Spitzer and Bush League Justice
Without attempting to defend Eliot Spitzer in any way, it's unquestionable that the questions over the monitoring of his conduct and the speed with which the story went public remain unquestioned.
ABCis reporting that Eliot Spitzer came under the attention of the Feds because his bank reported "suspicious money transfers" to the IRS. The Justice Department brought it to the FBI's Public Corruption Squad, who looked into it and found that payments were made to a company called QET, which did business as The Emperor's Club.
All kinds of questions arise here:
1. Why would the bank tell the IRS and not Spitzer himself if there was a suspicious transfer? Spitzer is a longtime client, a rich guy and the governor. We're talking thousands of dollars here, not millions. It doesn't make a whole lot of sense that they spotted a "suspicious transfer" made by the governor, and that this is how things began. It's possible it was just ordinary paperwork the bank had to file with the government whenever some particular flag was raised, but if that's the case, why did the DoJ go to DefCon 3?
2. What is a USA doing prosecuting a prostitution case? This isn't normally what the feds spend their time with.
3. Mike Garcia (the USA for Southern New York) is a Chertoff crony. Sources familiar with the investigation say that he sent a prosecution memo to DC two months ago asking for authority to indict a public figure (Spitzer). Which means they had their case made long before the wire tap of February 13. Why did they then include this line from that conversation in the complaint?
LEWIS continued that from what she had been told "he" (believed to be a reference to Client-9) "would ask you to do things that, like, you might not think were safe -- you know -- I mean that...very basic things...."Kristen" responded: "I have a way of dealing with that...I'd be like listen dude, you really want the sex?...You know what I mean."
This salacious detail does not seem like it's necessary to make their case, and appears to be added for no other purpose than to destroy Spitzer's career.
4. How did Spitzer's name get leaked to the media, and who did it? Didn't happen to Dave Vitter.
The only way #1 can be credibly answered if there were multiple bank transfers that fell slightly under the $10,000 limit required to trigger federal reporting. If this was a one-off deal then there's no way that gets noticed unless someone at DoJ or the US Attorney's office is combing through the records. I don't think we have that information yet. Numerous transactions would raise a red flag, to be sure.
The political partisanship which has infected the Justice Department has really poisoned the system of justice in general. While there's no question that Spitzer committed a crime here (regardless of what you think of that crime and whether or not it should be prosecuted; for the records, johns rarely are convicted), the way in which they drew him into the case is suspicious. And if the transfers tipped the feds off to the whole prostitution ring, then this notion that Democratic governors are held to a different standard in this Justice Department, and are subject to intense scrutiny and wiretapping and all the rest, stands.
Scott Horton, who's been following the Siegelman prosecution (a different case, as he was railroaded and committed no crime), writes:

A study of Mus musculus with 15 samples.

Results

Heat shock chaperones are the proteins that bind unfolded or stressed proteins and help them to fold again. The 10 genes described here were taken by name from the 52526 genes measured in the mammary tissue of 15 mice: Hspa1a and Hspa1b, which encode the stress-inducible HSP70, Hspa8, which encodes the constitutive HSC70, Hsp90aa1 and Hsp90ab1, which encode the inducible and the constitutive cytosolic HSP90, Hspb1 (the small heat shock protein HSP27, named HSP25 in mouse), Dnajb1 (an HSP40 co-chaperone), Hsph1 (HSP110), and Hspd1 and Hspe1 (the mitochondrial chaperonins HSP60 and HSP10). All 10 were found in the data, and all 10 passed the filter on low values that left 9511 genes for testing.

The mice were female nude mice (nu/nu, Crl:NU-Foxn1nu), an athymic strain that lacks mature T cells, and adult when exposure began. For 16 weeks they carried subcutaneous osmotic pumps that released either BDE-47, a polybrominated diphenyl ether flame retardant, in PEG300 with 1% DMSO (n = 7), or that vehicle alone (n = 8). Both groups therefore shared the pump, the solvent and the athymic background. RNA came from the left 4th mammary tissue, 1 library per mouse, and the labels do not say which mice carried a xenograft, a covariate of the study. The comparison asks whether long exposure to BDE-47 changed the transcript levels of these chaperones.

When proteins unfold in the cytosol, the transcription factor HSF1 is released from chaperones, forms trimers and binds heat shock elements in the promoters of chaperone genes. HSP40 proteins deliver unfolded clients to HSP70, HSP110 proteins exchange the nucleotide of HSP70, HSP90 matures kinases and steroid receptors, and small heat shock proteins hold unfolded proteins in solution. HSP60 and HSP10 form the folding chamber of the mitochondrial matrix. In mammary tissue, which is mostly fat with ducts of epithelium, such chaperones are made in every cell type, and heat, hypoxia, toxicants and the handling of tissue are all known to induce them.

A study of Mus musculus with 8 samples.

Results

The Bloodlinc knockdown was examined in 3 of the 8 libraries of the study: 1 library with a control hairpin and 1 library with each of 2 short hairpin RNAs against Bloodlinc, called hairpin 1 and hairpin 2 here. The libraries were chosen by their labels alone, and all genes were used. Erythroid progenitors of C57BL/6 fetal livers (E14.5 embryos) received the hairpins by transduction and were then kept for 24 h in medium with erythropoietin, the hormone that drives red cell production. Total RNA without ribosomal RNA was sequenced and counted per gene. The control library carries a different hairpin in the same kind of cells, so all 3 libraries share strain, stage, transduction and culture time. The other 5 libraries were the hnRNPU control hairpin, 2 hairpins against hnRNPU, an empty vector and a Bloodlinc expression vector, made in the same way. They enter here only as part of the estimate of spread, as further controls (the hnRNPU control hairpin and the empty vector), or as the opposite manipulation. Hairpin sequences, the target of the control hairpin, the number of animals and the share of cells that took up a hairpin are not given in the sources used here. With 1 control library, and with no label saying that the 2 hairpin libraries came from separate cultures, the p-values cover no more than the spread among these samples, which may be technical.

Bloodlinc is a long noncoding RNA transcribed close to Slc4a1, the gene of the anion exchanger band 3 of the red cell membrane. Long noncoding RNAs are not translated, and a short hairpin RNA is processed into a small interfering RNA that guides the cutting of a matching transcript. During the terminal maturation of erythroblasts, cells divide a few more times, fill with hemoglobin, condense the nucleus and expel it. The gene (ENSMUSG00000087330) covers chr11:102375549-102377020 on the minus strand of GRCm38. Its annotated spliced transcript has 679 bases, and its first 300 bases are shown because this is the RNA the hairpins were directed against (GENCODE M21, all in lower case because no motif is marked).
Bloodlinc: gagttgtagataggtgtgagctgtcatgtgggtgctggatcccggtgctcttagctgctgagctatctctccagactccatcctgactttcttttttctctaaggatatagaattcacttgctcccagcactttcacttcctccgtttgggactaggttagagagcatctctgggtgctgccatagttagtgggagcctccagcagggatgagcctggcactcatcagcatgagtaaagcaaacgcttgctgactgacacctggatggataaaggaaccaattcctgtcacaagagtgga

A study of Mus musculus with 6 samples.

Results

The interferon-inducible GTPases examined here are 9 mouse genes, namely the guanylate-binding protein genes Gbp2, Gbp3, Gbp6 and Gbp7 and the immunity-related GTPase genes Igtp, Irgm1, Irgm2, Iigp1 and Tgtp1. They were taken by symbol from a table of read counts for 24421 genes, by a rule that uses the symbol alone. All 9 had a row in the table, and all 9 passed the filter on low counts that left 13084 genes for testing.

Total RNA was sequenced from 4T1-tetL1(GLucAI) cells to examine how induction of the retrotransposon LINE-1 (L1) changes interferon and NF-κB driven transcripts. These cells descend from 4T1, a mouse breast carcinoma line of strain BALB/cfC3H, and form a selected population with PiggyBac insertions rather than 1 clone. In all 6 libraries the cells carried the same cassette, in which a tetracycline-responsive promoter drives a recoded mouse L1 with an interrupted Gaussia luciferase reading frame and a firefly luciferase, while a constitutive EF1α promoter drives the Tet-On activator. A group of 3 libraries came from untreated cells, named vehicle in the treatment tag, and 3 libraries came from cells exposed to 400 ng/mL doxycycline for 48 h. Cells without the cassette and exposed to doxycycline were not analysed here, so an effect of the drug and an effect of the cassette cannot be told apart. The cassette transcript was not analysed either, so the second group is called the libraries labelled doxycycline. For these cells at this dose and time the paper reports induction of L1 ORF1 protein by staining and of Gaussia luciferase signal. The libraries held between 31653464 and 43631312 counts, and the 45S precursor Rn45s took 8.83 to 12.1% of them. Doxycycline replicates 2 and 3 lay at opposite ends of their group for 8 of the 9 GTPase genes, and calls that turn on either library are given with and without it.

Note that this prosecution was managed with staffers from the Public Integrity Section at the Department of Justice. This section is now at the center of a major scandal concerning politically directed prosecutions. During the Bush Administration, his Justice Department has opened 5.6 cases against Democrats for every one involving a Republican. Beyond this, a number of the cases seem to have been tied closely to election cycles. Indeed, a study of the cases out of Alabama shows clearly that even cases opened against Republicans are in fact only part of a broader pattern of going after Democrats. So here are the rather amazing facts that surface in the Spitzer case:
(1) The prosecutors handling the case came from the Public Integrity Section.
(2) The prosecution is opened under the White-Slave Traffic Act of 1910. You read that correctly. The statute itself is highly disreputable, and most of the high-profile cases brought under it were politically motivated and grossly abusive [...]
(3) The resources dedicated to the case in terms of prosecutors and investigators are extraordinary.
(4) How the investigation got started. The Justice Department has yet to give a full account of why they were looking into Spitzer’s payments, and indeed the suggestion in the ABC account is that it didn’t have anything to do with a prostitution ring. The suggestion that this was driven by an IRS inquiry and involved a bank might heighten, rather than allay, concerns of a politically motivated prosecution.
There is simply no reason to trust the Bush Justice Department. Remaining Democratic governors need to conduct themselves far more cleanly than Spitzer, to be sure. But there is unquestionably a different standard. Remember that Karl Rove and other Republicans have relentlessly named "corruption" as the reason they lost Congress in 2006. They didn't do that by accident. If they can find a few spare Democrats to point to for 2008 they can say that the pendulum has swung back, that those in power now are abusing it, and that Democrats are hopelessly corrupt and cannot be trusted. Not sure if it'll work, but they can claim "balance" for Mark Foley and Dave Vitter and Larry Craig. If I were a Democrat I wouldn't even leave the house at night from now until the election.
UPDATE: On the other hand, it could have been a routine investigation into financial improprieties triggered in a perfectly reasonable way. But the well of justice is poisoned by consistent partisanship.